Volunteer fair presents opportunities for students to get more involved in the community

On the warm and sunny Wednesday, September 26, 2018, a special event occurred in Sykes. The event that took place was the Volunteer Fair, with approximately 451 students  in attendance. Despite this statistic, many students may not know what the volunteer fair is and how this event benefits the average West Chester University student.

According to Shannon Gillespie, a graduate student for the Volunteer Student Program at WCU, the Volunteer Fair is an “opportunity for students and anybody that wants to join a program or a service.” At this fair, there are “no restrictions” for a student or anyone that wants to know the nearest service provided near Chester County. Shannon reassured that anybody can “just walk in.”

Before entering the ballroom, one noticed the students of the volunteer program who were stationed to greet curious students, gather student information and help anyone who is unsure what the volunteer fair is about. After signing in, the individual entered the Sykes ballroom where many tables were stationed.

From therapeutic horse training to volunteering with the West Chester Fire Department, this event had a plethora of volunteer opportunities for the WCU student to seize. For instance, for history majors interested in assisting a historical society or  being an “active historian,” there is the Chester County Historical Society (CCHS), which is less than a mile away from the campus.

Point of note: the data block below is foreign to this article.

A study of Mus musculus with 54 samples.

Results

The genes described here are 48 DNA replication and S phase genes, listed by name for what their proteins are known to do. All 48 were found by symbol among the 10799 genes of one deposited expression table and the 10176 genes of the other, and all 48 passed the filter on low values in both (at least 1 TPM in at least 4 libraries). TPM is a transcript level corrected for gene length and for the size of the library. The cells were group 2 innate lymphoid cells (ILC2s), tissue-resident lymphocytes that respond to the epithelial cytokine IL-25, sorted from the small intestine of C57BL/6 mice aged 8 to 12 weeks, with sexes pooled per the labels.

According to one senior student, it is a “wonderful thing” to have for students and non-students alike in order to learn the benefits of volunteer work. For another student, it’s generally a “good opportunity for people” to view and understand potential work that is needed by an individual student’s expertise.

In a 2012 article by Sebastian Herrera from the Daily Texan, the University of Texas at Austin hosted a volunteer and service learning center to give students “the opportunity to sign up to volunteer for many different nonprofits.” The article further states that some students like Codey Pham, a freshman, wanted to “reach out and give back” to the community of Austin.

In venturing through each station, as stated by Gillespie, there are “non-profit and internship opportunities” just waiting for the student. All an eager student, faculty member or really anyone has to do is just ask the individual in charge of a station as to what opportunities they were advertising. Then, the student has the option to write their name and email address to gather further information.

After leaving the volunteer fair, one important thing to remember is the opportunities it gives to the average student in order to better understand the sheer multitude of volunteer jobs around the borough of West Chester. “There are lots more things to be done at West Chester,” stated a senior student, “a whole lot to be done.” For some, it could be a general hobby they found interesting.

If a student managed to forget or was tied up with homework and therefore unable to attend-have no fear!                                                                                                                    Confirmed by Gillespie, there is “usually one fair per semester” and information is located at the WCU website at for further detail. Finally, if there are questions, comments or concerns about the volunteer fair, Shannon Gillespie can be reached at

Nicholas Bartelmo is a third-year student majoring in History.